Real, the Law, and yet another ruling of ill repute

Date: Fri Sep 08 2000 - 15:13:39 PDT

[if you dont have a copy of streambox know the drill:)-]

RealNetworks settles lawsuit with Streambox By Jim Hu Staff Writer, CNET
September 8, 2000, 8:50 a.m. PT

Web-streaming software company RealNetworks today said that it has ended
its nine-month legal battle against rival Streambox by agreeing to an
out-of-court settlement.

As part of the deal, Streambox has agreed to obey RealNetworks' copyrights
when developing new products. More specifically, Streambox will stop
letting its Streambox Ripper software transform RealMedia streams into
alternative formats and will modify its Streambox VCR to respect the
copyrights of the RealSystem video player.

It also will pay RealNetworks an undisclosed sum of money. Financial
details were not disclosed.

Copyright protection on the Internet for audio and video content has been
a sore spot for both technology companies and traditional content
producers. The recording industry has taken several high-profile legal
steps to punish technology companies such as Napster and for
allegedly violating copyrights.

RealNetworks and Streambox, both based in Seattle, declared that it's time
to move beyond the legal tussle and into a new era of cooperation. "We are
pleased to be working with RealNetworks to put this behind us and to bring
the creative energies of our software developers together with the leading
company in digital media distribution," Bob Hildeman, CEO of Streambox,
said in a statement.

Steve Banfield, general manager for RealPlayer at RealNetworks, said in a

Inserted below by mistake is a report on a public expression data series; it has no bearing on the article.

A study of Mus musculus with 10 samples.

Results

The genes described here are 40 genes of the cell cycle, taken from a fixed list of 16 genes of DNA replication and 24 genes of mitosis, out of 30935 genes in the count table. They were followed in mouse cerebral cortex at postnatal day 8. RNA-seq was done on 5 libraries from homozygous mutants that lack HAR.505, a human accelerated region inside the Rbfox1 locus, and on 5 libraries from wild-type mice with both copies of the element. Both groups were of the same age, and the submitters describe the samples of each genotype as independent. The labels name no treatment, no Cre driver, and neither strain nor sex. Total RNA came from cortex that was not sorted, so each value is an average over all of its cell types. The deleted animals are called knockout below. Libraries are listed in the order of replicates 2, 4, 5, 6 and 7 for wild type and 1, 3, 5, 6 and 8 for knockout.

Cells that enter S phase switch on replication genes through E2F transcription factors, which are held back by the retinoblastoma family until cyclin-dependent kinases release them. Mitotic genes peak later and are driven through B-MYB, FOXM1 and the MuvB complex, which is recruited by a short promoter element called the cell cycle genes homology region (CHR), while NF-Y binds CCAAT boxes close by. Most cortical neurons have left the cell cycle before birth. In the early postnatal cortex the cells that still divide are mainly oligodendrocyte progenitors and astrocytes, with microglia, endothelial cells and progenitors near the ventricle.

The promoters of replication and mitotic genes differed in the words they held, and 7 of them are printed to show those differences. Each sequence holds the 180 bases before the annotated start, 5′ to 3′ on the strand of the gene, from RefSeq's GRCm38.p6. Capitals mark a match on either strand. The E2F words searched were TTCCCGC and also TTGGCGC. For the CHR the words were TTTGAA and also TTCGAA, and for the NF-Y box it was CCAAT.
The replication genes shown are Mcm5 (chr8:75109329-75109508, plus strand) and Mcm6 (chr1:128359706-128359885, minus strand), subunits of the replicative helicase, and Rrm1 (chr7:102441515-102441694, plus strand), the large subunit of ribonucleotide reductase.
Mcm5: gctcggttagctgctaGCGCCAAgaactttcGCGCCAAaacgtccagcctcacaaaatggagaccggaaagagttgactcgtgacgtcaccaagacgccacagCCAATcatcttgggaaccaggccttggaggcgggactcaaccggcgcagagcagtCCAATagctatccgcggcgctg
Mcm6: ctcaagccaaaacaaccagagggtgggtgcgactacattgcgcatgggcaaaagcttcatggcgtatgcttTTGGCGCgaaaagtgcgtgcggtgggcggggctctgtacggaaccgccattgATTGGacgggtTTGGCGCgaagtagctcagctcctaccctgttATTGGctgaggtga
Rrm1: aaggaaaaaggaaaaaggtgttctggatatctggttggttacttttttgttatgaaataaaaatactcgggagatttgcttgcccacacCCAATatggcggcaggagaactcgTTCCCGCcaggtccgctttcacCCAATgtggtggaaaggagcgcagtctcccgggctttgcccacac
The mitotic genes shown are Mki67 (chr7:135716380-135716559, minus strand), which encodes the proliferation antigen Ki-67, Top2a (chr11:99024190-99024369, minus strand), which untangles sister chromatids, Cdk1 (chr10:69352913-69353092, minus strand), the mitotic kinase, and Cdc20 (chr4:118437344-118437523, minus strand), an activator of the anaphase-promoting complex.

statement that Streambox will be "welcomed" by its own users when the
companies jointly develop new products. The settlement ends a legal battle
waged by RealNetworks to protect its popular software products from
alleged misuse. RealNetworks in December 1999 took Streambox to federal
court alleging that the rival software company violated the Digital
Millennium Copyright Act (DMCA), which bars companies from distributing
technology that can bypass copyright protection measures. In January, a
U.S. District Court issued a preliminary injunction barring Streambox from
distributing two out of three products. Judge Marsha Pechman ruled that
RealNetworks made a strong case that the Streambox VCR could be in
violation of the DMCA. The Streambox VCR records video and audio streamed
over the Web through RealNetworks' media player. Although Streambox
executives have argued that their product is analogous to the VCR, Pechman
wrote in a January court brief that the software was designed to
"circumvent the access control and copyright protection measures that
RealNetworks affords copyright owners."